The cosmonaut carried out work with a microscope to trace another possible air leak.
The size of a crack in the intermediate chamber of the Russian Zvezda module aboard the International Space Station (ISS) remains unchanged, cosmonaut Sergei Ryzhikov reported to Russia’s Flight Control Center on Wednesday.
"It [the length] has not changed. As in the previous measurements, I do not see any changes," Ryzhikov said during his talks with Mission Control broadcast on NASA’s website.
On February 23, the cosmonaut carried out work with a microscope to trace another possible air leak. The photos of the work were transmitted to Earth and the video from GoPro cameras will be sent via the Russian broadband communications system. After completing the work, the cosmonaut reinstalled the patch in the area of the crack.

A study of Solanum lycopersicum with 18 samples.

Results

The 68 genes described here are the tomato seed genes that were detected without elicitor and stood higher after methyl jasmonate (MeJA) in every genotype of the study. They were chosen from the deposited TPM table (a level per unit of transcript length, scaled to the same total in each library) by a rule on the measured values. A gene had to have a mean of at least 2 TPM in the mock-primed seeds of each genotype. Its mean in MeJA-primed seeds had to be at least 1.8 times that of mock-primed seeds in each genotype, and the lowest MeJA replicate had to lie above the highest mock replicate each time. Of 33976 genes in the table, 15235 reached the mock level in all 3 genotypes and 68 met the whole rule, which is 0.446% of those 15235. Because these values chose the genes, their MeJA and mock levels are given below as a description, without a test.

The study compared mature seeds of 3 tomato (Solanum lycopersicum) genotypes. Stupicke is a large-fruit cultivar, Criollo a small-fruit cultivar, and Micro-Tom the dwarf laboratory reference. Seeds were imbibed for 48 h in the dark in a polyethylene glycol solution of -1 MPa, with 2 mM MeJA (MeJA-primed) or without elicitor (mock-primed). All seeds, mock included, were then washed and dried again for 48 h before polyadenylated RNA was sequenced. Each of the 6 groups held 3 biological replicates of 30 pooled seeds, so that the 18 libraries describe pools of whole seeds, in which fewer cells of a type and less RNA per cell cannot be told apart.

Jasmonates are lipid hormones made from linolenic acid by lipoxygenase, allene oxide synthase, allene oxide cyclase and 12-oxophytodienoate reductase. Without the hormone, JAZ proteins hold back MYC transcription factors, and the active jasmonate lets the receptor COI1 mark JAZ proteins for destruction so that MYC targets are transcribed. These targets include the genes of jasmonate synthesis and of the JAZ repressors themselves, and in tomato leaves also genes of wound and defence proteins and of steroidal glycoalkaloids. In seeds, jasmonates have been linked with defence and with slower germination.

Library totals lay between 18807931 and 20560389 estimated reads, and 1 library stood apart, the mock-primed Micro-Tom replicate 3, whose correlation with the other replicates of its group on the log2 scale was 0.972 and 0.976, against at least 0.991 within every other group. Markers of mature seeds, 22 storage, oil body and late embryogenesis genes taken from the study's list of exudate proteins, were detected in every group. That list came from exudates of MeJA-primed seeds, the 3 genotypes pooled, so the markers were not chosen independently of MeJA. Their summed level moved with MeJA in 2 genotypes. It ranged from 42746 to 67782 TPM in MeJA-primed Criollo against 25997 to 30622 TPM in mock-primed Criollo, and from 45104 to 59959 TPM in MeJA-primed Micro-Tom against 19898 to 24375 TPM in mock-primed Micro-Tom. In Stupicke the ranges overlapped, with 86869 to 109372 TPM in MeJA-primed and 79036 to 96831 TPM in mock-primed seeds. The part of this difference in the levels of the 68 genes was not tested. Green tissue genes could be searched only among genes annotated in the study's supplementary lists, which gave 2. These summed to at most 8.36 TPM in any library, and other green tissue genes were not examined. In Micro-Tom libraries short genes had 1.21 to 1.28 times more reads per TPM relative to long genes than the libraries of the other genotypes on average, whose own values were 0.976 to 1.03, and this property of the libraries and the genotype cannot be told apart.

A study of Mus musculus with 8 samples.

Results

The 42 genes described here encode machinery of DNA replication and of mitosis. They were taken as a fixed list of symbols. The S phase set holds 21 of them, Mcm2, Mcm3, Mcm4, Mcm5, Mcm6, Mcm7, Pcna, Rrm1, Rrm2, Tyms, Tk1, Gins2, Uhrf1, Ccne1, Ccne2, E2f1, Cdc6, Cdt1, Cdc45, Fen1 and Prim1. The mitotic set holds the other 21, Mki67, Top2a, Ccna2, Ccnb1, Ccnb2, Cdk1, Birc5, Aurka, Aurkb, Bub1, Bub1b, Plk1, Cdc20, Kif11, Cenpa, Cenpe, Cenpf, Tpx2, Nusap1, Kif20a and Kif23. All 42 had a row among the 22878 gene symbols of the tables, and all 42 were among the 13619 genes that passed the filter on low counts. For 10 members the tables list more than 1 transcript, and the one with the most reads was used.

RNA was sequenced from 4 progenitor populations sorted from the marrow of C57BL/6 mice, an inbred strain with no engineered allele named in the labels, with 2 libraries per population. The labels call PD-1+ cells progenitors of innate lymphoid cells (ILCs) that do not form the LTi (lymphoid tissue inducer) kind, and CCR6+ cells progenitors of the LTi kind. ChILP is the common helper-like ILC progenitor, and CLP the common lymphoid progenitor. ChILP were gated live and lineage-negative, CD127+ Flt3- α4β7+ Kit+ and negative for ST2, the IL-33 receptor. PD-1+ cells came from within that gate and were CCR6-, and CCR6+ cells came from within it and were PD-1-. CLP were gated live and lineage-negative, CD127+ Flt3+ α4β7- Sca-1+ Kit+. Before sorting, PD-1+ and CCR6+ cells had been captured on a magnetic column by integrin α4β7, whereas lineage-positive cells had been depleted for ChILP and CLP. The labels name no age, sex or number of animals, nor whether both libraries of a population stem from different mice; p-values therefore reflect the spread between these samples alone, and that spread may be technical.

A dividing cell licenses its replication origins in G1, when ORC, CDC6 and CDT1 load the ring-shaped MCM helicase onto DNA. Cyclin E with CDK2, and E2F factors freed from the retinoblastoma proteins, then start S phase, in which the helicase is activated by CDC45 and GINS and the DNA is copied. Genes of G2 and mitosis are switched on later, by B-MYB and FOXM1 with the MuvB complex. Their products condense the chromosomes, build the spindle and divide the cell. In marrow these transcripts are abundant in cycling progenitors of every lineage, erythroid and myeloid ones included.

The ISS crew reported to Russia’s Flight Control Center on the morning of October 15 that the cosmonauts had found a possible air leak spot in the inter-section compartment of the Zvezda module. Cosmonaut Anatoly Ivanishin later specified that the air leak spot looked like a curvilinear scratch 2-3 cm long. Cosmonaut Sergei Ryzhikov later said that the fracture was about 4.5 cm in size.
In November, the ISS Russian crewmembers made images of the possible air leakage spot from the outside of the space station during their spacewalk. The cosmonauts did not notice any damage outside the station in the area of the fracture.
ISS Russian Segment Flight Director Vladimir Solovyov said in January that another spot might not be air tight aboard the space station. A Russian Progress MS-16 resupply ship delivered a microscope to the orbital outpost to look for a possible air leak.